How Do You Treat Cold Sores And Canker Sores?

Team Pediatric Dentistry

Cold and canker sores can be painful and irritating for your child. If your child has these issues, you may want to know how to treat them for proper healing.

Cold and canker sores look and feel similar, but they have different causes and treatments. This blog will explain why cold and canker sores form, how to treat them, and when your child should see a dentist.

Cold Sores

A cold sore is also known as a fever blister. It is a small red blister that forms around the mouth or lips. It may also appear on the cheeks, nose, or chin.

Causes of Cold Sores

The name "cold sore" implies that the problem is connected with the common cold, but this is false. The herpes simplex virus (HSV-1) causes these contagious sores. Most children receive exposure to HSV-1 between ages one and five.

Stress, fatigue, illness, dehydration, and exposure to extreme temperatures and humidity may cause cold sores to flare up.

Treatment of Cold Sores

Most cold sores go away on their own without medical treatment. Some comfort measures include giving the child a warm or chilled washcloth to place on the sore. Cool foods like smoothies or ice pops can help.

When a child has a cold sore, avoid highly acidic foods like lemons, tomatoes, dark chocolate, and sour candies. These foods can irritate the delicate skin and cause the cold sore to last longer.

If the discomfort persists to the point where your child does not want to eat or drink, talk to your pediatric dentist or physician about giving an over-the-counter pain reliever. A prescription or over-the-counter antiviral cream can also help ease the symptoms and shorten the life of the sore.

Avoid Spreading Cold Sores

Cold sores are extremely contagious, with the infection often passing from parents or relatives to children. Ensure no one showing signs of a cold sore kisses your child, especially babies under six months.

Don't let your child with a cold sore share utensils, toothpaste, towels, or any other item that touches the face with others. Older children should avoid sports with skin-to-skin contact until their sores have healed.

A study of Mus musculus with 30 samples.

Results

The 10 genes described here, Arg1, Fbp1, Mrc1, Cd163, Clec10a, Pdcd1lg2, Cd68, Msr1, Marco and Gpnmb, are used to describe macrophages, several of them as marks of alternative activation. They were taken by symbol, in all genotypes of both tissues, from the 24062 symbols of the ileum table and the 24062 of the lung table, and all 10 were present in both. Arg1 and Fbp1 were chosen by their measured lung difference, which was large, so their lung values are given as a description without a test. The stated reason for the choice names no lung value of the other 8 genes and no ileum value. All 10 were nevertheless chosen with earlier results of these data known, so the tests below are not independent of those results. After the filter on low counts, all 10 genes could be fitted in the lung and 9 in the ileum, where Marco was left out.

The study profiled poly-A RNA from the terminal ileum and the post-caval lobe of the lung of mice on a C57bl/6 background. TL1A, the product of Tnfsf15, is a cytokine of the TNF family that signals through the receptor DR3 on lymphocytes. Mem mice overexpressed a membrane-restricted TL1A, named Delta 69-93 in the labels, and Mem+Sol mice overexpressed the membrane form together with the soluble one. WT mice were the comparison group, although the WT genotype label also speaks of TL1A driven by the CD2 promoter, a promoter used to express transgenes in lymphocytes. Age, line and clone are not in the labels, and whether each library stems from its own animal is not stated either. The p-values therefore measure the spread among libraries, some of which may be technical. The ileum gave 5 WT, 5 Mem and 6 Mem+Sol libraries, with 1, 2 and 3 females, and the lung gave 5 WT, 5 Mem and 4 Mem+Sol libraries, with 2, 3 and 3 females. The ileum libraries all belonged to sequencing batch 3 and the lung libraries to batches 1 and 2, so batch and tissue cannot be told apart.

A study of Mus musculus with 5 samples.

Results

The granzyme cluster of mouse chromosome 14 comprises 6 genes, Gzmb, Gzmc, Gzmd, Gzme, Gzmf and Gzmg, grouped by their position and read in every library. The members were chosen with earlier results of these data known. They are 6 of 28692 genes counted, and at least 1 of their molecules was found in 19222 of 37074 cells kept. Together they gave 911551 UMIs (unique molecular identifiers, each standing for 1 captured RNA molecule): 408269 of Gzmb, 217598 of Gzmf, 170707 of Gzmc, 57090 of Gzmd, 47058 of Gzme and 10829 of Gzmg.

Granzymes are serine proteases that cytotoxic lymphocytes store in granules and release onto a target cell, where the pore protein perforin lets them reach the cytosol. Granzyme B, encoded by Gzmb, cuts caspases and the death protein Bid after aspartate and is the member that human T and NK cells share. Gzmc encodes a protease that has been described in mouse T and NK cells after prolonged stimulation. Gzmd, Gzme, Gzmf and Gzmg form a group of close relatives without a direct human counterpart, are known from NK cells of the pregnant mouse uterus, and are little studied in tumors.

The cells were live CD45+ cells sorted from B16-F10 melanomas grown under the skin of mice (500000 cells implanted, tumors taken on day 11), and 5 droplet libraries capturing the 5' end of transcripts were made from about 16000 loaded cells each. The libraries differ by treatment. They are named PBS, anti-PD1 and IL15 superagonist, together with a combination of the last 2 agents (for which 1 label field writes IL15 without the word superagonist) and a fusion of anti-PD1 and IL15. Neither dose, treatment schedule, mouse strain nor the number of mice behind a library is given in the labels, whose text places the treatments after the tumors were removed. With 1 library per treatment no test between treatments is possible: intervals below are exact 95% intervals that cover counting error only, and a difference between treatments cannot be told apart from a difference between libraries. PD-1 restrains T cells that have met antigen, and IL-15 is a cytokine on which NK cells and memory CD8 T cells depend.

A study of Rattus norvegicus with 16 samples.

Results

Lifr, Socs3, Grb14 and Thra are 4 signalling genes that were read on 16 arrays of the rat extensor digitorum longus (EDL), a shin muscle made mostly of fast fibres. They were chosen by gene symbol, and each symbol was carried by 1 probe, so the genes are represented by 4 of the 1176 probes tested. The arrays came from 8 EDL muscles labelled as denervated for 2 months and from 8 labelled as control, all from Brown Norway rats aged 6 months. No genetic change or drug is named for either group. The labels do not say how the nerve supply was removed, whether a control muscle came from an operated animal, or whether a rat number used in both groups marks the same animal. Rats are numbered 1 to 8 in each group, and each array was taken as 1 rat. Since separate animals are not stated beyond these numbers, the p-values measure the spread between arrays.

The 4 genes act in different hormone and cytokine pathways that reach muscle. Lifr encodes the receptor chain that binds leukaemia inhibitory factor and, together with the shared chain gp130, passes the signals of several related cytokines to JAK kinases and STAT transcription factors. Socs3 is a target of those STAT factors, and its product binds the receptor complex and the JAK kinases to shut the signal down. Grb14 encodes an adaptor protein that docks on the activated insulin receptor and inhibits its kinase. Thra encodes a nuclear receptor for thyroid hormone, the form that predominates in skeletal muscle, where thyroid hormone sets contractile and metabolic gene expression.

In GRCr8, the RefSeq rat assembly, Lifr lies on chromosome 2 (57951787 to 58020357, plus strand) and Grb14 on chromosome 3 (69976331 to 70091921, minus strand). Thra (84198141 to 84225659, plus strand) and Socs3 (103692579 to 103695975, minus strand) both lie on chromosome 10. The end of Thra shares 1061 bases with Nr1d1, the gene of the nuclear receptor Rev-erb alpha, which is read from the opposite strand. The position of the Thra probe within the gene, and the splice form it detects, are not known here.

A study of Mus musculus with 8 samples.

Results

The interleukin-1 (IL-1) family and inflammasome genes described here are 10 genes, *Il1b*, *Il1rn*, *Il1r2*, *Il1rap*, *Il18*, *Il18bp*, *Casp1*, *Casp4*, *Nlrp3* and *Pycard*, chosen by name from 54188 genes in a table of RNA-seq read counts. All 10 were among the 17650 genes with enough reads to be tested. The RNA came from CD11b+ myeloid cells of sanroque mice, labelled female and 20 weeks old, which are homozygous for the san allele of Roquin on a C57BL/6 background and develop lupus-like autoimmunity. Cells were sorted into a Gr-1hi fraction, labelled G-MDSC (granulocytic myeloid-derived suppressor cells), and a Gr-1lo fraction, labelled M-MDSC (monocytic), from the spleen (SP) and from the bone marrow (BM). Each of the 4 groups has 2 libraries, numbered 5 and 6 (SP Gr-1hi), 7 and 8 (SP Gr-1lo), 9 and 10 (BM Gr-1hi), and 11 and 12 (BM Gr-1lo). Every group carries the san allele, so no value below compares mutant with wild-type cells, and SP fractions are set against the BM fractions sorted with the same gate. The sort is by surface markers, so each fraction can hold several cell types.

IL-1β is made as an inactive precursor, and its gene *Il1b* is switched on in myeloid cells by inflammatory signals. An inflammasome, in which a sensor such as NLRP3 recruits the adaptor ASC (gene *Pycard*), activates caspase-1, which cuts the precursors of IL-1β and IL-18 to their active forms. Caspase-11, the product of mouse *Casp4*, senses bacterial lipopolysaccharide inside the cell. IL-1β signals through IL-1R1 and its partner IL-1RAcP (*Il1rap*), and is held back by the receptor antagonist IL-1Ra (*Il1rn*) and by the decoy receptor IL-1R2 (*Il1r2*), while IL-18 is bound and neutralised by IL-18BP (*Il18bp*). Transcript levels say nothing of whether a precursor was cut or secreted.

Canker Sores

A canker sore (an aphthous ulcer) is a small sore under the tongue, inside the lips and cheeks, or on the gums. A canker sore makes toothbrushing, eating, and drinking painful for your child.

Canker sores are open sores located inside the mouth. They are usually round, with a yellow or white coating and a red ring around them. The average size is about 1/4 inch across, though they may be larger. Some children may chew or prod the area with their tongue, worsening the pain. 

Causes of Canker Sores

Canker sores sometimes form when the mouth has sustained a minor injury from biting the inside of the cheek or brushing the teeth too vigorously. Sometimes they have no obvious cause. Nutritional issues, including vitamin B12, folic acid, and iron deficiencies, could be to blame. People with food allergies are more prone to canker sores.

Some children are sensitive to sodium laureth sulfate, a common toothpaste and mouthwash ingredient, and may develop canker sores due to exposure.

Emotional stress can also raise a child's risk of developing canker sores. This connection is especially common in teens and college students, who may be more prone to canker sores during exam periods.

Treatment of Canker Sores

Canker sores usually heal on their own within a few days or weeks. If your child experiences pain, you can give them an over-the-counter pain reliever.

A saltwater mouth rinse can also help the healing process by drying the sores. Add a teaspoon of salt to 1/2 cup hot water and dissolve it completely. Rinse with the saltwater solution for 30 seconds and spit it out.

As with cold sores, avoid letting your child have acidic foods or drinks. Salty and spicy foods can cause further irritation. Avoid rough-textured foods like nuts and chips as well.

See your pediatric dentist or physician if the sore does not go away on its own. Prescription medications and mouthwashes may help heal the area.

Contact Tender Smiles 4 Kids

If your child has a cold or canker sore that does not go away on its own, contact us for an appointment in one of our convenient New Jersey offices. We can help restore your child's comfort and help them return to their normal foods and activities.